Why preening hosts have the ability to ruin what should be a great show
HOW many historians does it take to change a light bulb?
I don’t know. One, probably. Unless the historian in question is David Irving, who might deny that electricity even exists and leave the job to some other historian who believes that six million light bulbs a year are exterminated in the cause of illuminating people’s homes.
When it comes to archaeologist, the number of light bulb changers is more likely to be three: one to change the light bulb and two to examine the box the bulb came in and authenticate, beyond doubt, its provenance.
Anyway, we should be grateful that BBC2’s massive new series (and by massive I mean big, not great, as in old Dublin parlance) The Celts: Blood, Iron and Sacrifice gets by with just one historian and one archaeologist.
Can you imagine what it would be like if there was a whole army of them, roaming across the screen, waving their arms and trying to talk over one another, like the Alan Whickers in the Monty Python sketch?
We should be sorry, however, that one historian and one archaeologist turns out to be two too many of anything. The BBC, in what is arguably its most bizarre presenting decision since BBC3 gave Lily Allen her own chat show and then tried to smother it with a pillow, The Celts: Blood, Iron and Sacrifice features Alice Roberts (the historian) and Neil Oliver (the archaeologist) on joint talking, walking, hand-waving-against-picturesque-bakckground duties.
Whoever thought this was a good idea in the first place (and I can’t think why anyone would) immediately scuppers their own boat by keeping the two of them apart, like Meg Ryan and Tom Hanks in Sleeping in Seattle.
So we get Neil wandering around ancient ruins in one part of the world, while Alice snaps the latex gloves on and pokes around ancient manuscripts and ancient fellow historians with dust for dandruff somewhere else.
Every once in a while each of them will intrude on what the other is saying, like a couple of old marrieds interrupting one another’s sentences.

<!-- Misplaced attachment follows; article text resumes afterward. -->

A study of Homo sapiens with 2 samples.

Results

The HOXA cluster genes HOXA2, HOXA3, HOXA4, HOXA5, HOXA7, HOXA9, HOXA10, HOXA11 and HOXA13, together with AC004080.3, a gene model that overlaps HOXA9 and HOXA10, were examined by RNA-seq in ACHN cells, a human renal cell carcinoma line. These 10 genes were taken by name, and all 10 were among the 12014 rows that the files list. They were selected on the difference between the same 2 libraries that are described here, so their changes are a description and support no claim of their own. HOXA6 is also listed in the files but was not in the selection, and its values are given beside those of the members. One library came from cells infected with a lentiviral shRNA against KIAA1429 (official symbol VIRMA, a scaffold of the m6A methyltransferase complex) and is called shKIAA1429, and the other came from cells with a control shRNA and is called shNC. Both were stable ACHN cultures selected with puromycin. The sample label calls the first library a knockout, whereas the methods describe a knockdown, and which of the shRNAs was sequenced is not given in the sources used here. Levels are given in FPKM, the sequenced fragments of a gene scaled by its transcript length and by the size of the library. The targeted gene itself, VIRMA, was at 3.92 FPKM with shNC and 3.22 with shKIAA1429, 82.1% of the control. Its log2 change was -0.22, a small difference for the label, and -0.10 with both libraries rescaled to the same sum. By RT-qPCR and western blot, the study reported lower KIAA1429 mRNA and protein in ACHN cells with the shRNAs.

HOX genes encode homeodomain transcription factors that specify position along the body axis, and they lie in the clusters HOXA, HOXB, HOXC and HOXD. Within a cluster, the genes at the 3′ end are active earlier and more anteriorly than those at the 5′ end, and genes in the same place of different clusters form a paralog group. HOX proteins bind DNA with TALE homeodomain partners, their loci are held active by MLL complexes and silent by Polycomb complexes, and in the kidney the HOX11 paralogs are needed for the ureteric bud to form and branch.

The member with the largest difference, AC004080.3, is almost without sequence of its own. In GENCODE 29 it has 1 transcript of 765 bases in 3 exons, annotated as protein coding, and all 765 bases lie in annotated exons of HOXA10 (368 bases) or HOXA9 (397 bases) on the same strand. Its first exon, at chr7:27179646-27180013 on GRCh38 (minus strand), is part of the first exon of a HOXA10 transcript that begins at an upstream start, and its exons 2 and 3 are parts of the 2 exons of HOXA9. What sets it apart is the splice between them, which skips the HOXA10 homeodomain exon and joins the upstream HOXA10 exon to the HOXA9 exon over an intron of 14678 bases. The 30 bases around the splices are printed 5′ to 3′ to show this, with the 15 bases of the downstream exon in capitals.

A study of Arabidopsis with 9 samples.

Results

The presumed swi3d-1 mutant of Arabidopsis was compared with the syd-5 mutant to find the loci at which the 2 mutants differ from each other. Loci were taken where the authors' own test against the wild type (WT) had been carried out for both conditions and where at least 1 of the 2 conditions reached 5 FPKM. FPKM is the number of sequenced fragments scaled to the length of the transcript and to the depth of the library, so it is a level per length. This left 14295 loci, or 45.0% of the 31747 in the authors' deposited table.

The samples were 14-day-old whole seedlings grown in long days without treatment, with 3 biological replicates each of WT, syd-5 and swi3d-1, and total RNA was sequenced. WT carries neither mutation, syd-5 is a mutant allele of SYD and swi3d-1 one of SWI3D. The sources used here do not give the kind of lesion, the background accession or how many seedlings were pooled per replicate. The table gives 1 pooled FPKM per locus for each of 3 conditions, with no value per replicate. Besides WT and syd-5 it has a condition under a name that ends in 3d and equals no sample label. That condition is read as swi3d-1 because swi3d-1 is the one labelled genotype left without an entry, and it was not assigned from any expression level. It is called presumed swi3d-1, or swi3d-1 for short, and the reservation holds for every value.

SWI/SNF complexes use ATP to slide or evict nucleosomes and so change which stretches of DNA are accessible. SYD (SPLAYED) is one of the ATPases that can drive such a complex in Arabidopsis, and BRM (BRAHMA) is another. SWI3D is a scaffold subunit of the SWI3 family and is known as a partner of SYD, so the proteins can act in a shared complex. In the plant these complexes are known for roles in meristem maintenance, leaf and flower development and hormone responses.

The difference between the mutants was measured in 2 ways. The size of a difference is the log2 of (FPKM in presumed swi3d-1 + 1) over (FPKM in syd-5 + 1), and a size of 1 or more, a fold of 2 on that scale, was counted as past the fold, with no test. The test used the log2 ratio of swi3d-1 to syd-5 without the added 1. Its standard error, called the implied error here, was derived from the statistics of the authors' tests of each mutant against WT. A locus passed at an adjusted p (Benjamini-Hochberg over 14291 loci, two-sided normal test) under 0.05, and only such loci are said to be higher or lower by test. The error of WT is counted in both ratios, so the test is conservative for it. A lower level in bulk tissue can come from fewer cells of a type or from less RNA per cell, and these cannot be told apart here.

It’s a crying shame that they’re separated, because they’d make a lovely couple. Neil, with his dark, flowing locks and casual scarf thrown around his neck, looks a lot like Heathcliff from Wuthering Heights might look if someone had taken him shopping in Topman or River Island.
Alice (at least from my heterosexual point of view) is blonde and winsome and lovely. Especially with those latex gloves on.
But what slips through the cracks between all this long-distance tomfoolery and cheap, crappy dramatised sequences of extras bashing other extras over the head is the history. Remember that? HIS-TO-RY. It’s what this three-part series is supposed to be about.
It’s pretty fascinating history too, worlds apart from the stuff you learned in school, all about the how the Celts, who might well have sprung into life in countries like Spain, Portugal and Italy — although the first episode was frustratingly non-committal about this — weren’t the uncouth, cudgel-wielding yobs you might expect them to have been, but a cultured people who took great pride in their appearance, made beautiful things and imparted a language to Ireland and Britain while trading along the Atlantic coast.
Yes, they liked to crack a few heads here and there, but then so did their mortal enemies, the Romans. It was the Celts that indirectly caused the rise of the Roman Empire by kicking Italian arse.
By the end of the programme, it was Alice and Neil’s arses you felt like kicking.